Golden Gate Bridge has roots in Pottstown

This story opens in Pottstown in 1933 on South Washington Street about 6:30 in the morning. Here they come: a stream of workers from all over Pottstown, hundreds and hundreds of them. You can hear their voices and the sound of their work boots hitting the pavement as they walk — very few people had cars in those days — to the Bethlehem Steel grounds to clock in for the beginning of their day.
Within the year, most of these men will begin working on a project that will take up the next three years or more of their lives: the fabrication of the steel parts that will go into building the Golden Gate Bridge, one the marvels of American engineering.
All this work in an East Coast steel yard was made possible by the need of a West Coast city, San Francisco. To continue to grow and prosper, that city needed to bridge the Golden Gate Strait and connect with areas to the north and west.
The 200-foot-deep strait, a mile-wide stretch of rapid currents and rough water where San Francisco Bay empties into the Pacific Ocean, was a stiff engineering problem that was finally solved by Joseph Strauss, a well-known bridge designer.
On Nov. 4, 1930, despite the economic woes of the Great Depression, voters in the six-county Golden Gate Bridge District voted almost four to one to put up their homes, farms and businesses as collateral for a $35 million bond issue to finance the construction of the bridge.
The McClintic-Marshall Co., a subsidiary of Bethlehem Steel Corp., bid $10,494,000 for the contract to build the steel superstructure. Of course, because McClintic-Marshall was located in Pottstown, the outcome of this bid was of enormous importance for the entire area. The contract would mean almost 1,000 jobs for area workers for at least three years.
Area residents waited anxiously while the steel company and the Golden Gate Bridge Commission negotiated several items. On Jan. 12, 1933, anxiety gave way to joy as The Pottstown Mercury announced “M’CLINTIC’S BIG CONTRACT TO BE SIGNED TODAY.”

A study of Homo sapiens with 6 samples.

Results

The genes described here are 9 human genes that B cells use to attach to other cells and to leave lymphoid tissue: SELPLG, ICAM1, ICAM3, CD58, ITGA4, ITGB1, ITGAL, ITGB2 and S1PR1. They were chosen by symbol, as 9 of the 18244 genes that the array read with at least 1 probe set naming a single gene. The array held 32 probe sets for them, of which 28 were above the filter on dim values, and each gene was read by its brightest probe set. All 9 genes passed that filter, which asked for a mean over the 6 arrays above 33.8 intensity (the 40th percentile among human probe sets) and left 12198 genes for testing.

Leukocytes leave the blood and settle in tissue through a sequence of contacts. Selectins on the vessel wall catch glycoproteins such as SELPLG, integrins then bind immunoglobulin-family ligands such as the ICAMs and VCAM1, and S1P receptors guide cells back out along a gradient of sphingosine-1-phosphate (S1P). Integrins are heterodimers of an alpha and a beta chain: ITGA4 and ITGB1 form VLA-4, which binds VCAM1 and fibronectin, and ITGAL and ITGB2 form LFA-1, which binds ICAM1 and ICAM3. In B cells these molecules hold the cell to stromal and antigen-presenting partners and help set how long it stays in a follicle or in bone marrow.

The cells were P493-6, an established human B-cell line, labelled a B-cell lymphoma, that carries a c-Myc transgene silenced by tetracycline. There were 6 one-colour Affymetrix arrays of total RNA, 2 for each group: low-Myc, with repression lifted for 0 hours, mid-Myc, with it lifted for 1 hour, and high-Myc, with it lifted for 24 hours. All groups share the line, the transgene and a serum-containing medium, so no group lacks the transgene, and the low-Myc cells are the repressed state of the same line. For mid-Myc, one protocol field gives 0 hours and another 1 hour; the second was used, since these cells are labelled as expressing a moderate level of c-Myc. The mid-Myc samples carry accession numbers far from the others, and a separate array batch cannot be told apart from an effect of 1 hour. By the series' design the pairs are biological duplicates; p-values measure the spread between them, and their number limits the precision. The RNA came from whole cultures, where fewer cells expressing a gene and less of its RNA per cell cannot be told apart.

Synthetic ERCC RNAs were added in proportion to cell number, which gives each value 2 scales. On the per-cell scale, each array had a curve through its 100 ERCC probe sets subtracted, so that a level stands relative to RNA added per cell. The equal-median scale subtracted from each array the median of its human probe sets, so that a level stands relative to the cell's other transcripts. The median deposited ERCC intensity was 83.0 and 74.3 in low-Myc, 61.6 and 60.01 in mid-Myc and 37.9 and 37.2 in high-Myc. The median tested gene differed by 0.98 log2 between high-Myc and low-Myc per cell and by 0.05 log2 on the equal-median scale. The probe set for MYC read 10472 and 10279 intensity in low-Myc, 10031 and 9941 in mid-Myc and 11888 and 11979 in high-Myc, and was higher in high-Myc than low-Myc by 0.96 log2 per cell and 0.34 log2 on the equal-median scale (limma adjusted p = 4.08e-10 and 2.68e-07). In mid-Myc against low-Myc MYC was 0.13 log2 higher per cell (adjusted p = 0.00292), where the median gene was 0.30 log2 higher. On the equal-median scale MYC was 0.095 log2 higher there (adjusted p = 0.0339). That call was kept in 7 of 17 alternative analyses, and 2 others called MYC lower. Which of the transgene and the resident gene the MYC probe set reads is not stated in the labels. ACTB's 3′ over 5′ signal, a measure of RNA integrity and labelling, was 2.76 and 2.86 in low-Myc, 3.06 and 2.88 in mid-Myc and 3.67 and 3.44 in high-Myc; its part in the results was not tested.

The article continued, “The Golden Gate bridge contract, which has been hanging fire for more than a year and a half (will) provide work for most of the employees in the
(works) over a period of almost two years.”
That same day it was rumored that a large part of this work would be done by McClintic-Marshall’s newly refurbished plant in Alameda, Calif. But on the following day — which just happened to be Friday the 13th — The Mercury again boosted everyone’s spirits, “LOCAL PLANT TO GET MOST OF BRIDGE JOB.”
The key word in that headline is “most.” In total, 41,800 tons of the 100,000 tons of steel which went into the project, slightly less than half, were fabricated in Pottstown. The remainder of the work was done at four or five of Bethlehem Steel’s other plants, including Steelton and Sparrow’s Point.
Pottstown, it would seem, quickly went to work on the bridge as the first steel, the anchors for the pier on the Marin side, was shipped Feb. 28, 1933.
Work on the superstructure continued off and on in the Pottstown plant over the next three years. In the drawing rooms the draftsmen created the plans. Workers in the template shop used them to create cardboard templates. The men in the shops used the templates to create the parts, which were then rolled out into the yard and painted. Later the girders, columns, angles and other pieces were loaded by cranes onto railroad cars and sent to Philadelphia, where they were hoisted onto ships for a journey through the Panama Canal and on to the bridge site.
By the time the job was finished, the assistant plant supervisor, C. Allyn Brown, calculated the project required 300 men every day over a period of 540 working days to finish the job.
The bridge opened May 27, 1937, to pedestrian traffic only. It is estimated that 200,000 people crossed, more than a few on roller skates.